Arrests, harassment increasing in Ethiopia, human rights watchdog says
Arrests and harassment of journalists, opposition figures and activists in Ethiopia has risen this year, the war-torn country's rights watchdog said, underlining "concerning" levels of violence despite a peace agreement.
The Ethiopian Human Rights Commission (EHRC) report on the year to June noted "an increase in the arrest and harassment of media personnel, members of opposition political parties and civil society groups, raising concerns on the shrinking of civic space".
The public body also decried a "nationwide blockade" in force since February 9 on social media platforms including YouTube, Telegram, Facebook, and TikTok, that has "restricted the right to freedom of expression and access to information".
But the report praised the agreement that ended in November two years of a brutal war between federal forces and the Tigray People's Liberation Front (TPLF) as "among the most notable positive developments" of the last 12 months.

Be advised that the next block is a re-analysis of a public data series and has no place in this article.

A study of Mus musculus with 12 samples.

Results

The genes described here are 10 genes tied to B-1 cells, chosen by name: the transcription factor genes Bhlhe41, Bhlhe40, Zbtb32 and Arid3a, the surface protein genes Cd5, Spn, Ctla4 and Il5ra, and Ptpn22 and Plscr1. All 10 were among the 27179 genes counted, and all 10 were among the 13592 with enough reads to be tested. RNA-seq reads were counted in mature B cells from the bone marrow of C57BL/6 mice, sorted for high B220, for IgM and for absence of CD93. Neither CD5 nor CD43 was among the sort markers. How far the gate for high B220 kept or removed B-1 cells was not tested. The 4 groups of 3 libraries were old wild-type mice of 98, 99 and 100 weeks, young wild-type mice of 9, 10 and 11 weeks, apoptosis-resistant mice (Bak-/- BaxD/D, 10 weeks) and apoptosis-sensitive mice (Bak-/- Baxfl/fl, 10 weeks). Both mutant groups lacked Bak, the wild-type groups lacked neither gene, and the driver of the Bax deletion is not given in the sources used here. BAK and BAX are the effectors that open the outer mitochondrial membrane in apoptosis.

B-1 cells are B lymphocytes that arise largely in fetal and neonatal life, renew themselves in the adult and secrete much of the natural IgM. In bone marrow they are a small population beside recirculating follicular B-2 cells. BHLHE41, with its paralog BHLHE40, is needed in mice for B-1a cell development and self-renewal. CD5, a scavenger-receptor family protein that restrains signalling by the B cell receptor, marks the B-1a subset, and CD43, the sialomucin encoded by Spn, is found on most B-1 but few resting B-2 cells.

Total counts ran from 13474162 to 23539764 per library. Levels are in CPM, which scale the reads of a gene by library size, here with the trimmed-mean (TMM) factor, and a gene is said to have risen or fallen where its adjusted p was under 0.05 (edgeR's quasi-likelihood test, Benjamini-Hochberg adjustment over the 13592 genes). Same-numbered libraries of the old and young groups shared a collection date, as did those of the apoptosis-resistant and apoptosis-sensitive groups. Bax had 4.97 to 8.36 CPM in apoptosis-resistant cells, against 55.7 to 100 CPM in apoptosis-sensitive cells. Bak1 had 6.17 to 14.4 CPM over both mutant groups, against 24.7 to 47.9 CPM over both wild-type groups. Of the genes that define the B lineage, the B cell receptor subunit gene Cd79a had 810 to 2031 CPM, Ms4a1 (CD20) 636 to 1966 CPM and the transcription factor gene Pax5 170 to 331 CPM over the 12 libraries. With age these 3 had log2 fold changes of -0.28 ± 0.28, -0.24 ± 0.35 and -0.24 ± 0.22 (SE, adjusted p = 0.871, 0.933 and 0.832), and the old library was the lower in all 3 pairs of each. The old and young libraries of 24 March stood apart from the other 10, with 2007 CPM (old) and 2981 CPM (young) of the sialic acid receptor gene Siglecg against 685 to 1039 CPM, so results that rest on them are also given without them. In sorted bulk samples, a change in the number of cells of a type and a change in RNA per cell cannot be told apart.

The deal "brought relative peace in most parts of Tigray, as well as parts of Amhara and Afar regions", the EHRC said.
The commission saw "significant and encouraging progress" in government moves to launch a process of "transitional justice" to handle crimes committed during the fighting.
But "conflict, insecurity, attacks by armed groups, and security measures by government forces continued to cause civilian deaths, bodily injury and displacement in all regions of Ethiopia".
"Conflicts and attacks in Oromia region are extremely concerning and require urgent attention," the commission said.
"The deterioration of the security situation in Amhara region is equally concerning," since the government announced in April the dismantling of regional paramilitary forces.
It also noted a rise in curfews, checkpoints, and other forms of restriction of movement.
The report found "significant improvement in detention facilities and treatment of detainees".
However, "the number of reported instances of inhuman and degrading treatment in police stations and prison facilities is still not negligible", said the commission.
It reported "several instances of arbitrary detention, torture, and enforced disappearances, mainly in Addis Ababa, Oromia and Amhara.
"In most cases, the victims are taken from their homes, their workplaces, or from other locations without a court order or arrest warrant and placed in undisclosed locations," for days or even months.
"Although many were later released or transferred to a regular place of detention, several others remain forcibly disappeared."